Contact: Carrie Laboski, 608-263-2795, email@example.com
The 2016 Agronomy/Soils Field Day highlights University of Wisconsin-Madison/Extension research on emerging technologies and relevant crop production issues. The event is scheduled for Wednesday, Aug. 31 at Arlington Agricultural Research Station.
Using remote sensing in the field will be the topic for the lunch program. Phil Townsend, UW-Madison professor, will discuss new research using remote sensing. A use of remote sensing in the field tour includes discussion of utilizing remote sensing to estimate soybean emergence and sudden death syndrome; hyperspectral imaging of soybean trials; using UAVs for remote sensing: how to and FAA regulations; and using sensors for N management in wheat.
UW-Madison College of Agricultural and Life Sciences researchers and UW-Extension specialists will host five tours scheduled throughout the day. Topic-specific tours will depart the Public Events Facility at 8:30 a.m., 10:30 a.m. and 1:00 p.m.
– A pest management tour examines diseases that affect Wisconsin field crops; economics and resistance management of corn rootworm; weed community composition and emergence in long-term no tillage, strip-tillage, and chisel plow corn and soybean systems; and managing volunteer wheat in late summer alfalfa seedings.
– A grain production systems tour examines high input systems for higher yields; soybean nutrient uptake; strip-tillage in Wisconsin; and the importance of breeding diversity into crop hybrids and varieties.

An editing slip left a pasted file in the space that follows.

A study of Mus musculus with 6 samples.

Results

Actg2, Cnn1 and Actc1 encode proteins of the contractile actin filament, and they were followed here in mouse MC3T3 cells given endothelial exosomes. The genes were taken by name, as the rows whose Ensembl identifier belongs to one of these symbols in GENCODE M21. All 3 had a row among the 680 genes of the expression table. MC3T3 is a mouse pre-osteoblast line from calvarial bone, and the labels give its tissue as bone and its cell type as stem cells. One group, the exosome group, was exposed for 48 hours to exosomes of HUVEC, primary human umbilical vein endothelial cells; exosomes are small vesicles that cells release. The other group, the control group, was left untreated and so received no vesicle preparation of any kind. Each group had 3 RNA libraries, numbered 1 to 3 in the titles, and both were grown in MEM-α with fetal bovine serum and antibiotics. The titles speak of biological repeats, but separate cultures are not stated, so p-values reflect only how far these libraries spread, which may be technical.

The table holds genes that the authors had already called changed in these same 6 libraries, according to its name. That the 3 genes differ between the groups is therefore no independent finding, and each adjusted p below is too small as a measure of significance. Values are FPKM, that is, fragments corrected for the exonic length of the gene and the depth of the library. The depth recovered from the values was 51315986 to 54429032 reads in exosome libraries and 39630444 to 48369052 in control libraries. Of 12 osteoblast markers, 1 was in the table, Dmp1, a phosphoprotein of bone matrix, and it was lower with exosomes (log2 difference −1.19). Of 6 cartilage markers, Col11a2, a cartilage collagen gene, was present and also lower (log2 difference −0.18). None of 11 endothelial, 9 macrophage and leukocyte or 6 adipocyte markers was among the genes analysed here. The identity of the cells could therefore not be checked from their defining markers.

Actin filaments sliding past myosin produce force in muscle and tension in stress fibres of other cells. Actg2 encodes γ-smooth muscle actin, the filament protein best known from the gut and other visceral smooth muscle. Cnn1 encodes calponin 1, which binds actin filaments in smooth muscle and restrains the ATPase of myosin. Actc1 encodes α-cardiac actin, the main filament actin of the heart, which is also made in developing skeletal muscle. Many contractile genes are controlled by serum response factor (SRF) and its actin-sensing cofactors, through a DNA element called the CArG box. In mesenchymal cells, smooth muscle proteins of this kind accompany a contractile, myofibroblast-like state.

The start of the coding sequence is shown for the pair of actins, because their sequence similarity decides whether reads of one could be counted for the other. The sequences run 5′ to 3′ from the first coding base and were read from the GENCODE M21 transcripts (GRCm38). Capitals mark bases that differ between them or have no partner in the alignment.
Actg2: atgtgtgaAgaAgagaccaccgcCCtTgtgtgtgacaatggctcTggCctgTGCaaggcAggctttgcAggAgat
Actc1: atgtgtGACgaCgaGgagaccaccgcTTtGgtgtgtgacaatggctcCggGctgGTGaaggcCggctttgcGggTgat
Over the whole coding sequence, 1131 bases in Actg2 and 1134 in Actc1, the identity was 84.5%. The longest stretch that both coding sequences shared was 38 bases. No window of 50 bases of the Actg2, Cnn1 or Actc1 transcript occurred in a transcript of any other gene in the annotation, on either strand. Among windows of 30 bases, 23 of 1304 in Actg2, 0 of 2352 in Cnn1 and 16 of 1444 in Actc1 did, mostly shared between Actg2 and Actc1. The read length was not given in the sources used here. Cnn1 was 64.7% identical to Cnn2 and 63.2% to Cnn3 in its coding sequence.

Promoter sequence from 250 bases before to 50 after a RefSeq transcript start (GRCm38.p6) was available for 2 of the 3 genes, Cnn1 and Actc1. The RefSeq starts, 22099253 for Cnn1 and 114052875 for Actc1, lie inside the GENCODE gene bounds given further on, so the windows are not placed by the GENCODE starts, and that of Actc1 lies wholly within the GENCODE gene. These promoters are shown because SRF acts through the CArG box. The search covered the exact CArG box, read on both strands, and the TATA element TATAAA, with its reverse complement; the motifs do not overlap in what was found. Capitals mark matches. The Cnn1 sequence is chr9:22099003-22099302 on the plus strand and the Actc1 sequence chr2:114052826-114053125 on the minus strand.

– A soil fertility and management tour covers split/late N applications to corn – Should I be using them?; the unseen majority – microbial life in soil; cover crops: interseeding, nitrogen credits and soil health; and quenching the thirst of crops: improving soil water availability.
– A grain and forage production systems tour examines when yield is “determined” for corn grain production; revamping outdated soybean nutrient uptake models: results from a high input systems model; other CoolBean stuff; and forage harvest logistics image based kernel processing score and applied UAV research.
– A forage productions tour covers reduced lignin alfalfa; establishing alfalfa in silage corn; ash in hay and wheel traffic; and breeding cool season grasses.
Lunch will available on the site for a $5 donation to the Badger Crops Club. Additional exhibits to visit between tours or during lunch include: Apps for Ag, Nutrient and Pest Management Program, Integrated Pest Management and SnapPlus, and others.
The Arlington Agriculture Research Station is located on Hwy. 51, about 5 miles south of Arlington and 15 miles north of Madison. Watch for field day signs. GPS coordinates are: 43.300467, -89.345534. For more information contact the UW-Madison Department of Agronomy at (608)262-1390 or the Department of Soil Science (608)262-0485.
In the event of rain, presentations will be held inside. This event is sponsored by the UW-Madison College of Agricultural and Life Sciences and UW-Extension. Certified Crop Advisors: 7.5 CEU credits requested.